By Peter Grealy, Nozipho Mngomezulu and Jodi Hardy from Webber Wentzel
The Minister of Co-operative Government and Traditional Affairs has published amendment regulations authorising the national Department of Health to develop and maintain a national database to enable people to be traced who are known or reasonably suspected to have come into contact with any person known or reasonably suspected to have contracted Covid-19. This law has real implications for electronic communications service providers.
The database will contain information deemed necessary for the tracing process to be effective, including:
- the first name and surname, ID number, address(es), and mobile numbers of all persons who have been tested for Covid-19 (Persons of Interest),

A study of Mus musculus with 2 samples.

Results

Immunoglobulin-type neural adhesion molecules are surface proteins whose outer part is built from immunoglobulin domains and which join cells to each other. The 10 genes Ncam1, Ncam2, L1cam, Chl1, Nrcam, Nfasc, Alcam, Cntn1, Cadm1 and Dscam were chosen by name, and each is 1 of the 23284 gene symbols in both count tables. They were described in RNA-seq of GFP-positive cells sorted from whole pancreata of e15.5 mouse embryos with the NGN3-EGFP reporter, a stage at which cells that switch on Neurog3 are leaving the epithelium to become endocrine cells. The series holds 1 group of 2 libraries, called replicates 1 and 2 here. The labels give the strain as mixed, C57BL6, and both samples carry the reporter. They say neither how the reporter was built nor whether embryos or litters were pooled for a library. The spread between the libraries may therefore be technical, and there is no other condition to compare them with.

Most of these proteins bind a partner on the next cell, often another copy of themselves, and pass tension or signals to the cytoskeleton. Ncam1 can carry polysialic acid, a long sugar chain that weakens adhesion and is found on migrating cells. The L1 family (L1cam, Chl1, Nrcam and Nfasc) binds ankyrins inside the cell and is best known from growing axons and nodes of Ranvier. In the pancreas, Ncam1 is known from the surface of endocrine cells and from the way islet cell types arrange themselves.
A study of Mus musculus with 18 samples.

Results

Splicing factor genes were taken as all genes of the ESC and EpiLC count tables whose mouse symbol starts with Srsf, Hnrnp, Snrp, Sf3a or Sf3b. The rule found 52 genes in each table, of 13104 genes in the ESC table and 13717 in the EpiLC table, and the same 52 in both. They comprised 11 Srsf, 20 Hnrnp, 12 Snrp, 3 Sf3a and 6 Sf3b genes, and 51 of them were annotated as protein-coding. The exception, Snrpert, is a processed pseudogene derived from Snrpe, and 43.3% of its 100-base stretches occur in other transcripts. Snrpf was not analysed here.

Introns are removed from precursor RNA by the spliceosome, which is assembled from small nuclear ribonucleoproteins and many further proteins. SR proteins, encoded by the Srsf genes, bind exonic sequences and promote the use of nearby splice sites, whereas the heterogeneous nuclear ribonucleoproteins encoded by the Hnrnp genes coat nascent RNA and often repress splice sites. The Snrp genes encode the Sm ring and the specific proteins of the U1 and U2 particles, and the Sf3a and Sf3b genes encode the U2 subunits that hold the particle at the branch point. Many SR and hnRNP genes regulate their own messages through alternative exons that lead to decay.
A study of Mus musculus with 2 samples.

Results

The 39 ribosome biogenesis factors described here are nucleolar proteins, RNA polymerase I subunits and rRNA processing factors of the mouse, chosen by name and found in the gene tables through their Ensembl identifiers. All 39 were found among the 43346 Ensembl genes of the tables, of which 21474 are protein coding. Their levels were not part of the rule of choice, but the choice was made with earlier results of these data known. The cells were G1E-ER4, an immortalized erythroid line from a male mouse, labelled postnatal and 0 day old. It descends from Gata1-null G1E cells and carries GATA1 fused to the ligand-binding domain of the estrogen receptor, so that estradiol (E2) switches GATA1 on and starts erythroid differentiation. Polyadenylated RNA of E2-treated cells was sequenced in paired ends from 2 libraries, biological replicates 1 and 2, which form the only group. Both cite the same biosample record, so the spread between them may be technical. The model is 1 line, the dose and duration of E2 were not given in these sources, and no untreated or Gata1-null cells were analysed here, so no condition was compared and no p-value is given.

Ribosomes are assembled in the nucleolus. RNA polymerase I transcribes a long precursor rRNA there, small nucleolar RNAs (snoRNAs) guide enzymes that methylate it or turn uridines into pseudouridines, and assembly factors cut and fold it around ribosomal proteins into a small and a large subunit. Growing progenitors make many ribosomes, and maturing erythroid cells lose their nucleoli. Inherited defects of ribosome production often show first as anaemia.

- the Covid-19 test results of all Persons of Interest; and
- details of the known or suspected contacts of any Persons of Interest who tested positive for Covid-19.
Under the amendment regulations, the Director-General of Health may, in writing and without prior notice to the person concerned, require an electronic communications service provider licensed under the Electronic Communications Act, 2005 (which includes mobile network operators, internet service providers and other communications providers) to provide certain information for inclusion in the Database. This information would relate to:
- the location of Persons of Interest, and
- the location or movements of any person known or reasonably suspected to have come into contact with Persons of Interest.
(from 5 March 2020 until the national state of disaster is terminated).
An electronic communications service provider that fails to comply with its obligations under the amendment regulations will be guilty of an offence and, on conviction, will be liable for a fine or imprisonment for a maximum of six months, or liable for both a fine and imprisonment.